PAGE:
Since the founding of the Republic, people have always been at odds, based on their personal interests, their religious beliefs, their life experiences, their political loyalties and prejudices. I witnessed American debate at its most intense — over the U.S. involvement in the war in Vietnam in the 1960s and 1970s. But where we are today, in the Trump era, seems uniquely divisive, nasty and personal.

Here’s what happened: Adults who had lived through the Great Depression and World War II generally accepted authority. Many of them had come to trust and respect FDR, the New Deal Democrat, in the 1930s and 1940s. They voted for him four times, then Harry Truman once, and Truman’s successor in the Oval Office was Dwight Eisenhower, Supreme Commander of the Allied Forces in Europe during World War II. The men and women of that generation — our parents and grandparents — came to see the government as an apparatus for good, and they believed the U.S. had reached moral high ground by defeating fascism in the big war. Things started to break down, however, when the children of that generation started to be drafted into military service during the Vietnam era. Instead of accepting what government leaders and generals said, they challenged it. They asked why we were engaged in such a dubious, deadly and distant conflict. There was a stark generational split over the war, and it was bitter. You heard a lot of older men and women challenge the war protestors to love America or leave it.

My late Baltimore Evening Sun colleague, Carl Schoettler, served in the Army in Korea and covered periods of the Vietnam War for the newspaper. He thought we should erect a monument to the people who took to the streets during the 1960s and early 1970s to protest the war. Some of them died during protests. The impassioned opposition to the war kept LBJ from running for a second term in 1968 and forced his successor, Richard Nixon, into peace talks. The war still went on too long, and too many Americans and Vietnamese died. But protest from people who were called communists and anti-American helped turn public opinion against the war.

The message: We cannot win every war, we should not fight every war, and we are not always in the right. It was a hard thing for the “Greatest Generation” to accept, but many of them came around to it. Others remained bitter and voted for Ronald Reagan, who said the U.S. could have won the war in Vietnam had the generals been allowed to — whatever that meant, and at one point it might have meant “limited use of nuclear weapons.”

This is all background to what I really wanted to say today: That we are at a uniquely divisive and nasty place. The Vietnam era debate was about whether we should fight a war. It was about policy. In the Trump era, it’s all personal. Trump supporters cannot seem to make a cogent and rational argument for their man. They mention how well the economy is doing, but if you challenge them on other grounds — Trump’s racism, for instance, or the way his administration has been treating Central American families seeking asylum here — you get two basic reactions: Obama was awful, and/or you’re a libtard. They either bash the previous president or call you a name. I see it in social media all the time. I see it in the profane mail I receive from Trump supporters. They think he’s a great president. They think the country is better off than it was under Obama. They think we are respected in the world again. They have accepted the Trump view of reality, and refuse to see him as a racist. It’s understandable. If they voted for the guy, they are not going to concede that he is a bigot. Trump has demeaned debate, he has made political disagreement personal, and his followers indulge in the same kind of juvenile name-calling he does. Recently, I dropped a man from my Facebook page because he had engaged in cheap name-calling — not as a last resort in a losing debate, but as his first line of attack. (He also told others on Facebook to “love it or leave it.”) There have been dozens like him.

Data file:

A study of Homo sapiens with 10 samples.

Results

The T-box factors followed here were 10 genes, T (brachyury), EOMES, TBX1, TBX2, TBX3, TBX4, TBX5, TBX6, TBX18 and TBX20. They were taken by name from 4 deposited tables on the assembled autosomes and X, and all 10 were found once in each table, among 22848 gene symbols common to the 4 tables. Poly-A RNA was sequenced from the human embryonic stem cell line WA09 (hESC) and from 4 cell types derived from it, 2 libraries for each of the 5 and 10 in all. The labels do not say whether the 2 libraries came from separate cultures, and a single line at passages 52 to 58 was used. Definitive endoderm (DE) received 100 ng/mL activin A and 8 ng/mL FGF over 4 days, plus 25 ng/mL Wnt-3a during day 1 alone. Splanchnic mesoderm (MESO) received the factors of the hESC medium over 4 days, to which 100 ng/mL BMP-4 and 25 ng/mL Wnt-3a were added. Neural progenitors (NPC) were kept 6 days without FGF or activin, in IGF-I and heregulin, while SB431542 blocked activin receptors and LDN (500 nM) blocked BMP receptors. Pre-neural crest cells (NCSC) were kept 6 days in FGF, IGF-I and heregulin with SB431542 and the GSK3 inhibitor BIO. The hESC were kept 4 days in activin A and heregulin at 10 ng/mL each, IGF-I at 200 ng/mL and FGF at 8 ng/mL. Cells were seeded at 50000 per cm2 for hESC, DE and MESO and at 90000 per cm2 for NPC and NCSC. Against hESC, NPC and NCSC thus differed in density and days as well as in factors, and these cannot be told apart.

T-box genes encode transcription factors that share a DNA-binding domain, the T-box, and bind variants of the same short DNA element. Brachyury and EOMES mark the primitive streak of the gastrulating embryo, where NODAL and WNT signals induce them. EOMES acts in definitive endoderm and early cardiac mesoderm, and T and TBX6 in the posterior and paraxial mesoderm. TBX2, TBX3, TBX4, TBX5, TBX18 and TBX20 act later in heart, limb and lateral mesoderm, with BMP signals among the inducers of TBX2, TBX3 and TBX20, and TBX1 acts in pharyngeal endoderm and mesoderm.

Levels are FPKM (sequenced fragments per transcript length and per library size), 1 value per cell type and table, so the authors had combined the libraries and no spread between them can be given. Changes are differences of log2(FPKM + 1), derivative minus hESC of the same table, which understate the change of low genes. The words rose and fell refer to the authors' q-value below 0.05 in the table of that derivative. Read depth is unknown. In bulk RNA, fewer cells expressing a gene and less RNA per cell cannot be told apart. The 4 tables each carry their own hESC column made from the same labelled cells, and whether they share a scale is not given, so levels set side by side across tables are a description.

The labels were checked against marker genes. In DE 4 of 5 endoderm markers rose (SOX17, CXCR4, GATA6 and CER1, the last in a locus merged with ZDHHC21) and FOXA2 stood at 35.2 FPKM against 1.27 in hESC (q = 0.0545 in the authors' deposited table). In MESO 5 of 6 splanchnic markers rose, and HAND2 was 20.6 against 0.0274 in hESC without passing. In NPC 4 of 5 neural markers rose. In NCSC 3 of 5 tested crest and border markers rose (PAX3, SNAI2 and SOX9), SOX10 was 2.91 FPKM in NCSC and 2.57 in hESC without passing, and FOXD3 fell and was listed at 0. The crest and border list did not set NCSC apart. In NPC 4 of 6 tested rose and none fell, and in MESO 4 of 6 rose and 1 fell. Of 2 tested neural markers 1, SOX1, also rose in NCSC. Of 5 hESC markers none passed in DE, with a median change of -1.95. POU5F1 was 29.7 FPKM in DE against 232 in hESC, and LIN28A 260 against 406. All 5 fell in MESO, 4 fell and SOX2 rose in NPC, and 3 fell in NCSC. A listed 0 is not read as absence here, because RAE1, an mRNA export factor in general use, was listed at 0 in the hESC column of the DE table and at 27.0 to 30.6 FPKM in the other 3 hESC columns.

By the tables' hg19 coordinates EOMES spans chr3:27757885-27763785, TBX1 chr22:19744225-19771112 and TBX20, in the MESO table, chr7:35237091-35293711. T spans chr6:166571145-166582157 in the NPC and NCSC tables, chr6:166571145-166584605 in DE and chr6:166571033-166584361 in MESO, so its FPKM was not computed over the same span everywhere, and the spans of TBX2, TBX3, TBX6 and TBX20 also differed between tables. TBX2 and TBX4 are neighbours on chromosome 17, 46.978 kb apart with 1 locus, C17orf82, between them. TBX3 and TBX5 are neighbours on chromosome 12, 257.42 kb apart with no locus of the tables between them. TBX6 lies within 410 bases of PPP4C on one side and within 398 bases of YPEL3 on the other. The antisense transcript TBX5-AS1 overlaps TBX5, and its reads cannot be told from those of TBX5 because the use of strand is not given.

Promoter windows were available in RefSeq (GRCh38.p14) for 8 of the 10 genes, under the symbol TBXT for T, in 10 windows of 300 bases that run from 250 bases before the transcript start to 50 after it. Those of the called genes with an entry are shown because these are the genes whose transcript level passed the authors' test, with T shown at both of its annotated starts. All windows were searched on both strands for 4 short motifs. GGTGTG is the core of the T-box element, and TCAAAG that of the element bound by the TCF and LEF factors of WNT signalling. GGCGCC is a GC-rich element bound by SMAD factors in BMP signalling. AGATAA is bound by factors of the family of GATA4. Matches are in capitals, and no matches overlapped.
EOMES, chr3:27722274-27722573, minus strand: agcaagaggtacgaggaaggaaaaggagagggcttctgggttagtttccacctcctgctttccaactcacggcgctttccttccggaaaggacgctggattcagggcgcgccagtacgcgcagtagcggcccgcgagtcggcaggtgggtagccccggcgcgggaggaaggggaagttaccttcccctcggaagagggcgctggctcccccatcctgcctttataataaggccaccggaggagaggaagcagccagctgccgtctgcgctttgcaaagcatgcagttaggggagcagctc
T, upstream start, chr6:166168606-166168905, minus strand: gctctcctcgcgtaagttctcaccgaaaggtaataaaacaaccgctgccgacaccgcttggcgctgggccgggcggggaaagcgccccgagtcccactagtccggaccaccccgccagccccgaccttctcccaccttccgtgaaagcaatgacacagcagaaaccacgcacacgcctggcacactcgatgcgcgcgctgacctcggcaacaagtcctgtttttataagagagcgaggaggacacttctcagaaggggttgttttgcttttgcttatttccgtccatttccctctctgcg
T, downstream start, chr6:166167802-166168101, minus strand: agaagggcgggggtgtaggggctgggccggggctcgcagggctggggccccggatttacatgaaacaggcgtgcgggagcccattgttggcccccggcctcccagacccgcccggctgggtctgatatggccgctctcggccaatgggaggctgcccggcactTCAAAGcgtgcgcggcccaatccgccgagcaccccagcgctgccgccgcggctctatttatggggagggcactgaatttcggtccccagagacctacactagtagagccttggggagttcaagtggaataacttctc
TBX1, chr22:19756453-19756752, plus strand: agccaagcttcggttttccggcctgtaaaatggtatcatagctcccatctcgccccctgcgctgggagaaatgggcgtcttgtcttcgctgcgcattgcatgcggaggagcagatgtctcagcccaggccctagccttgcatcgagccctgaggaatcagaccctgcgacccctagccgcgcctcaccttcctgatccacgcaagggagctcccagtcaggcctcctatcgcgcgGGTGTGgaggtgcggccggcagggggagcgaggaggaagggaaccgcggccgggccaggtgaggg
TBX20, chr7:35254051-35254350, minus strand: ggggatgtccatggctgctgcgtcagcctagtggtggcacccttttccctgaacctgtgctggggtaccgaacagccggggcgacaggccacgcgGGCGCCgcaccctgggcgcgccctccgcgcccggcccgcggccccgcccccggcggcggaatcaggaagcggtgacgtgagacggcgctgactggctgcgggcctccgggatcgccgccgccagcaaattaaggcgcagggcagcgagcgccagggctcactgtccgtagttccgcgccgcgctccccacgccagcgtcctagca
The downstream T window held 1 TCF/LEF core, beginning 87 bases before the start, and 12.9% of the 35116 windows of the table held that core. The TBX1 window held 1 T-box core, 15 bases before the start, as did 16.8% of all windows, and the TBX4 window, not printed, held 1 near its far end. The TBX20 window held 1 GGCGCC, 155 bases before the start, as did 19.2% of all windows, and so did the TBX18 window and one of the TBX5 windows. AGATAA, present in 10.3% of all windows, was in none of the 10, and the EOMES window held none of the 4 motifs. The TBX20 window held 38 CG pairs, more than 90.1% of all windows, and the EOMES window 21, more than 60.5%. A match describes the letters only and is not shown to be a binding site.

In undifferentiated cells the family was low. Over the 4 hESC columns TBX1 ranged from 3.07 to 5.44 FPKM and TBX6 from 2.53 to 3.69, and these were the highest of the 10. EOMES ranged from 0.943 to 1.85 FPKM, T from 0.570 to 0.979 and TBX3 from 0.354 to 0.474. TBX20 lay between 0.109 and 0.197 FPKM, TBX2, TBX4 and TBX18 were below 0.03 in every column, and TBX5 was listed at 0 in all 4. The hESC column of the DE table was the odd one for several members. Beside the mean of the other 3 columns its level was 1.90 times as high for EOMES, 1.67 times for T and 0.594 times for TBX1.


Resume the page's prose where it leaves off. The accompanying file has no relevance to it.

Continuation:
I am not saying debate over Vietnam was always civil and never personal. But it was mainly about policy. It was mainly a question about how the U.S. should use its military might. Today, the Trump supporters are pretty much tribal; they stick with him no matter what because to do otherwise would be an admission that they made a mistake, or that they had cast aside their principles. They jump immediately to attacking those of us who think Trump poses an existential threat to our democracy. There’s no debate, and there’s no winning them over. Going into the next election, they are not going to be concerned with issues like health insurance or infrastructure needs.

Which is why the prominent antiracist Tim Wise is right about what the Democrats should do to deny Trump a second term — hit him as a racist, and challenge voters to decide what kind of country they want this to be. “People who say the Dems should ignore Trump’s race baiting because it’s some genius political strategy calculated to distract us, are idiots,” Wise writes (with some unnecessary name-calling) in a long thread on Twitter. “He is no genius. And if you downplay it, you NORMALIZE him. If you make this about policy, you NORMALIZE him. He is a racist…” You can read at this link the rest of White’s commentary, compiled by Thread Reader.